Making headway in higher education

The University of Nairobi, Kenya. In 2016, we organised consultations in the Kenyan capital that will help shape education policy throughout the Commonwealth

May 2016 was an important month for Mr John Kimotho. As the Deputy Chief Executive of the Kenya Institute of Curriculum Development, he was meeting senior officials from 13 national education ministries in his country’s capital, Nairobi. They gathered there to determine an education policy framework for the Commonwealth’s 53 member countries: the Commonwealth Education Policy Framework (CEPF).

Commenting on the CEPF, Mr Kimotho said: “At the moment Kenya is undergoing a transformation of its education system. As such, the Commonwealth Education Policy Framework comes at an opportune moment that will allow Kenya to measure its progress against the Sustainable Development Goals.

I have learnt a lot about the process of education planning in relation to the [CEPF] framework

Mrs Telutu Fuakiga, Senior Education Officer, Early Childhood and Care Education, Ministry of Education Youth & Sports, Funafuti, Tuvalu

“Moreover the framework emphasises lifelong learning which fits well with the Kenyan education system. The framework will help Kenya to synchronise its thinking with the Commonwealth family.”

In addition to lifelong learning, the CEPF will ensure that education delivery also focuses on equity, workforce planning and relevance to the skills and jobs of the 21st century.

So far, three member countries have piloted the CEPF – FijiSolomon Islands and Tuvalu– with the aim of addressing gaps in their curricula towards the fulfilment of the Sustainable Development Goals (SDGs). Feedback from those countries has been positive. For example, Ms Releshni Karan, Director of Corporate Services, Ministry of Education, Heritage & Arts, Fiji, said: “The Commonwealth Education Policy Framework provides a clear direction that is useful to the small Pacific Island countries like Fiji in achieving quality education that is on par with the rest of the world.”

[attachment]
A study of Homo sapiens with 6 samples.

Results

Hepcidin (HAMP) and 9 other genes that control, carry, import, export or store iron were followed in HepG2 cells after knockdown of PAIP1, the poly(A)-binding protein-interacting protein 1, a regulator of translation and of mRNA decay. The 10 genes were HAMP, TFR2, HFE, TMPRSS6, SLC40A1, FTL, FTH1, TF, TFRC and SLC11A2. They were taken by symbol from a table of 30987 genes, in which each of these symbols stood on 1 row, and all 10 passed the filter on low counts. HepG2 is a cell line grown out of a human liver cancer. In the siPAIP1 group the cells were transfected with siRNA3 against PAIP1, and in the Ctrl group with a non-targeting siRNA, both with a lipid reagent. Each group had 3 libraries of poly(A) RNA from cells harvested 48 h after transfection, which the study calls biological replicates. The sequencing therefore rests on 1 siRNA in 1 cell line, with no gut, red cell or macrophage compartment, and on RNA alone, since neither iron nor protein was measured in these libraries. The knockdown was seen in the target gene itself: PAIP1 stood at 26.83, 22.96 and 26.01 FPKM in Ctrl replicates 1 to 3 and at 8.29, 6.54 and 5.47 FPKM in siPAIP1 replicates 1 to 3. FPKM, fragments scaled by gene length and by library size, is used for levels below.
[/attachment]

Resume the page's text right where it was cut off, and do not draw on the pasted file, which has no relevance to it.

We continued to support members to align their national education policies towards the delivery of the SDGs. Our guides were the Nassau Declaration and the Nassau Declaration Action Plan.

Key to delivering this ambition is the development and uptake of the CEPF and the Commonwealth Curriculum Framework (CCF). Both frameworks were reviewed and endorsed by ministers of education and senior officials at the Education Ministers Action Group (EMAG) meeting (UK, January 2017). Ministers cited the usefulness of these frameworks in the reorientation of their national education policies and curricula with the SDGs.

Another milestone: Mauritius takes a big step forwards

Our technical assistance to the Mauritius Ministry of Education came to an end with the delivery of the Mauritian Higher Education Bill 2017. Significant achievements within this bill included the establishment of the independent Higher Education Quality Assurance Agency. This agency will maintain the high quality of education in Mauritius.

We would like to thank Nasir [Kazmi] and the Commonwealth Secretariat for bringing the CEPF to the Pacific region.

Ms Constance Nasi, Undersecretary National Education Services, Solomon Islands

The tertiary education landscape in Mauritius has witnessed significant transformation since the country’s accession to independence in 1968. Back then only one institution existed – the University of Mauritius (UoM). Today, the sector is quite diverse. It encompasses some 55 institutions – public and private – with different areas of specialisation.

As a result of its expansion over the years, the higher education sector now faces a number of increasingly complex challenges. It needs to:

  • develop high value-added knowledge to enhance its competitive advantage
  • build its capacity to operate in an internationalised higher education environment
  • broaden access, ensuring equity and improving quality of both service and delivery.

The problem was, the country’s regulatory system was holding the sector back. There were different acts for different entities set up at different times but with some overlaps, and these acts did not adequately support the further development of higher education. So the government decided it was time for reform. What was needed was a new robust framework with clearly defined institutional mandates, hence the Mauritian Higher Education Bill 2017. The new bill will benefit tertiary education, scientific research, teachers and ultimately students.